You may have had a tasty bag of Dagenham Salad in your veg bag by now as they've had an abundance of leafy greens so far this year.
But recently Alice and her team have been having a very tough time with floods, pests and disease and have suffered some heavy losses. It may sound a bit biblical, but they really have been battling against the odds to keep those crops growing.
Alice was downhearted as she showed me around the glasshouse where her tomatoes succumbed to blight. The ground got too wet during the heavy rains a few weeks ago and disease set in. She had to remove about a third of them and trim back the rest to keep the blight from spreading. To cover her losses, Alice quickly replanted new tomato seedlings she had in reserve and is busy deploying hundreds of leafy green plug plants.
Alice explains: “The tomatoes are a huge loss but the salad leaves are really our biggest earners, so if I can fill the gaps in tomato yield with more salad leaves, we should be ok financially.”
The slugs and snails have been relentless too, consuming whole beds of salad, squash and brassicas. Even Shelagh's sunflower and dahlias made a very sophisticated supper for some greedy gastropods. As an organic farm, we don't use pesticides to protect our crops. As with weeding, hands do a lot of the hard work rather than chemicals. Ashlea described how they go on regular snail hunts around the site and fill whole buckets up with them. Perhaps we should add escargots to the farmers' market offerings!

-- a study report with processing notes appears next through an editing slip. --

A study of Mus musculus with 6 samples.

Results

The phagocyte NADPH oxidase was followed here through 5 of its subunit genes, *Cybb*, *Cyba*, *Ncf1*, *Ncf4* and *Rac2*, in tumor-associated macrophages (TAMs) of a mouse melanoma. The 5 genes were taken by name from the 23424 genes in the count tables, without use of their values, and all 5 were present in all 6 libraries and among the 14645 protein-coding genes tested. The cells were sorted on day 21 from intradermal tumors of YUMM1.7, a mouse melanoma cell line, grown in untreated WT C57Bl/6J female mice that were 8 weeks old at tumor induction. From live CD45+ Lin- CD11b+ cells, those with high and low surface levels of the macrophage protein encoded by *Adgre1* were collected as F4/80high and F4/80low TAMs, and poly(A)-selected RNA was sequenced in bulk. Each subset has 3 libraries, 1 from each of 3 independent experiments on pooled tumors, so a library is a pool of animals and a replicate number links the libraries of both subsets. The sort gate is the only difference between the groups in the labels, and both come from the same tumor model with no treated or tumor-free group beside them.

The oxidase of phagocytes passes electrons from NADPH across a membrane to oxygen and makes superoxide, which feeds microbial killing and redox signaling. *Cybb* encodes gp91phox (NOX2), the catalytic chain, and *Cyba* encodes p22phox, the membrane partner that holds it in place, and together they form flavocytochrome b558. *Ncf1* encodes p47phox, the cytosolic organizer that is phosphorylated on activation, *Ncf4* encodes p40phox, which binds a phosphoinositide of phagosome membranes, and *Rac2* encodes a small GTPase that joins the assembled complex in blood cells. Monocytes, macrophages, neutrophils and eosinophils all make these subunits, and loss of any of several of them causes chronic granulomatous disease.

In the outdoor veg patches, Alice showed me some more carnage as the birds have really been going for the broccoli, chard and kale this year. “They don't usually eat our crops that much but this year they must be really hungry because whatever we leave uncovered will get stripped clean by the birds.” Alice tells us this is perhaps a sign that another local source of food for the birds has dried up.
Despite these losses, the farm is looking lush and abundant, with an array of leafy greens. Plum, peach and apple trees all over the site are bearing fruit. Tomato, cucumber, French beans and even grapevines are climbing their way upwards. Bees are buzzing everywhere; you can hear the sound of crickets and if you look hard enough you'll spot a few ladybirds dotted around the place.
I met the Kickstart trainees, Rae and Gemma (left and right above, with Ashlea in the middle), both 19 years old and living locally. They were busy planting out new greens when I came to visit: these were to replace the plants that were devoured by their slimy adversaries. They've only been working on the farm for two months but they seem completely at home and very confident with their work.
Thanks to their efforts, the Dagenham Farm produce should pick up again very soon so our veg scheme members can enjoy more lovely Dagenham tomatoes, cucumbers, salad and beans.